Kris Medlen

Kris Medlen expects to have another Tommy John surgery


There’s been no official announcement yet because he’s seeking a second opinion, but Braves right-hander Kris Medlen told reporters today that he expects to undergo Tommy John elbow surgery.

Medlen injured his elbow on a pitch Sunday and actually remained in the game for two more pitches, but eventually exited after bouncing a ball to the plate while clearly in pain. He’s already had one Tommy John surgery in his career, so Medlen admitted that staying in the game was mostly him being frustrated and in denial.

His injury–along with fellow Atlanta starters Brandon Beachy and Mike Minor also being hurt–is a big part of why the Braves signed Ervin Santana to a one-year, $14.1 million deal this morning. Medlen was one of the NL’s best starters in both 2012 and 2013, combining to throw 335 innings with a 2.47 ERA and 277/70 K/BB ratio after coming back from the first surgery. Going under the knife a second time would cost him all of 2014 and potentially part of 2015 as well.

Wild Card, Division series umpires announced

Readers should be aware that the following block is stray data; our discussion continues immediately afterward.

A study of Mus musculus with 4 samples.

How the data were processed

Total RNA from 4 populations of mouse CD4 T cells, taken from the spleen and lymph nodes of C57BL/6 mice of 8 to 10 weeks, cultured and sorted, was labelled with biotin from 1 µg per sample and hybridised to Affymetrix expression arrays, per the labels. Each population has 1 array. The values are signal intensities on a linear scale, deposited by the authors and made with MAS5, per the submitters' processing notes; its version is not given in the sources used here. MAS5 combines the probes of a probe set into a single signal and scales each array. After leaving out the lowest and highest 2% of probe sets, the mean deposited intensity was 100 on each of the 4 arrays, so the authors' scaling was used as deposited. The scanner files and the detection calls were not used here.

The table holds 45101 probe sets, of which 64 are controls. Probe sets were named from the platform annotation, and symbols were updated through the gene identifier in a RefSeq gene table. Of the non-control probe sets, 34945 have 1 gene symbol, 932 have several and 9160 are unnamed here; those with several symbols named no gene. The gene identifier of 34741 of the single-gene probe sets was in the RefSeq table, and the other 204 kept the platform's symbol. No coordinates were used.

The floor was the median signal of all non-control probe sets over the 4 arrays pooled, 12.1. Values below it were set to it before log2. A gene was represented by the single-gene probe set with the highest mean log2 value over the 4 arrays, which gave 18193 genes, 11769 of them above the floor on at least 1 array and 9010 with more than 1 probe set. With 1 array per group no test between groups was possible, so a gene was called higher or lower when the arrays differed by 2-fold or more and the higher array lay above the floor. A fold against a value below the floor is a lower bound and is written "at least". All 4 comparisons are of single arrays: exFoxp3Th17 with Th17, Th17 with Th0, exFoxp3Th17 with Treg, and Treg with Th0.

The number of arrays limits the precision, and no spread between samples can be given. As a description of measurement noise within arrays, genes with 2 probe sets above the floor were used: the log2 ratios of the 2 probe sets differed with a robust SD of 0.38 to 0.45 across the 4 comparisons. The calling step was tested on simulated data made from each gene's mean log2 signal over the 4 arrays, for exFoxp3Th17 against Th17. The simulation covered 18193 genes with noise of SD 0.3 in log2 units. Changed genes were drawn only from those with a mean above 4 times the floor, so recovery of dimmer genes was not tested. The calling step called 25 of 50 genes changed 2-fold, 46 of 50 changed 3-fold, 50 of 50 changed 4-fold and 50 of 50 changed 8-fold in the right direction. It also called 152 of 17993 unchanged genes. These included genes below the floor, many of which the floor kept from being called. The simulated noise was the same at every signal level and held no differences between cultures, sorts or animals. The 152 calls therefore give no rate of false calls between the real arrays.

Angel Hernandez

Which is to say that, while we have no Joe West in the early playoff rounds this year — too obvious, perhaps? — we do get an Angel Hernandez.

Here are the assignments. The asterisks represent the crew chief of each unit. Guys with little up arrows next to their names are regular season crew chiefs in their own right. Print this out and keep it near your television so you know who to yell about before the broadcasters tell you who to yell at:


Joe Maddon

I was curious about which MLB teams changed their fortunes the most this season compared to last year, so I crunched the numbers.

First, here are the biggest win total improvements from 2014 to 2015:

+24 Cubs
+21 Rangers
+16 Astros
+15 Diamondbacks
+13 Twins
+11 Mets
+10 Blue Jays
+10 Cardinals
+10 Pirates

The top five teams on the biggest-improvement list all had managers in their first season on the job, led by Joe Maddon joining the Cubs after tons of success with the Rays. Also worth noting: Of the nine teams with the biggest win total improvement, eight made the playoffs. Only the Twins improved to double-digit games and still failed to make the playoffs.

Now, here are the biggest win total declines from 2014 to 2015:

-20 Athletics
-16 Tigers
-15 Orioles
-14 Brewers
-13 Nationals
-13 Angels
-12 Braves
-12 Reds
-11 Mariners

Not surprisingly, a whole lot of those teams have changed managers, general managers, or both. And a couple more may still do so before the offseason gets underway. Oakland retained manager Bob Melvin despite an MLB-high 20-win dropoff and just promoted Billy Beane from general manager to vice president of baseball operations.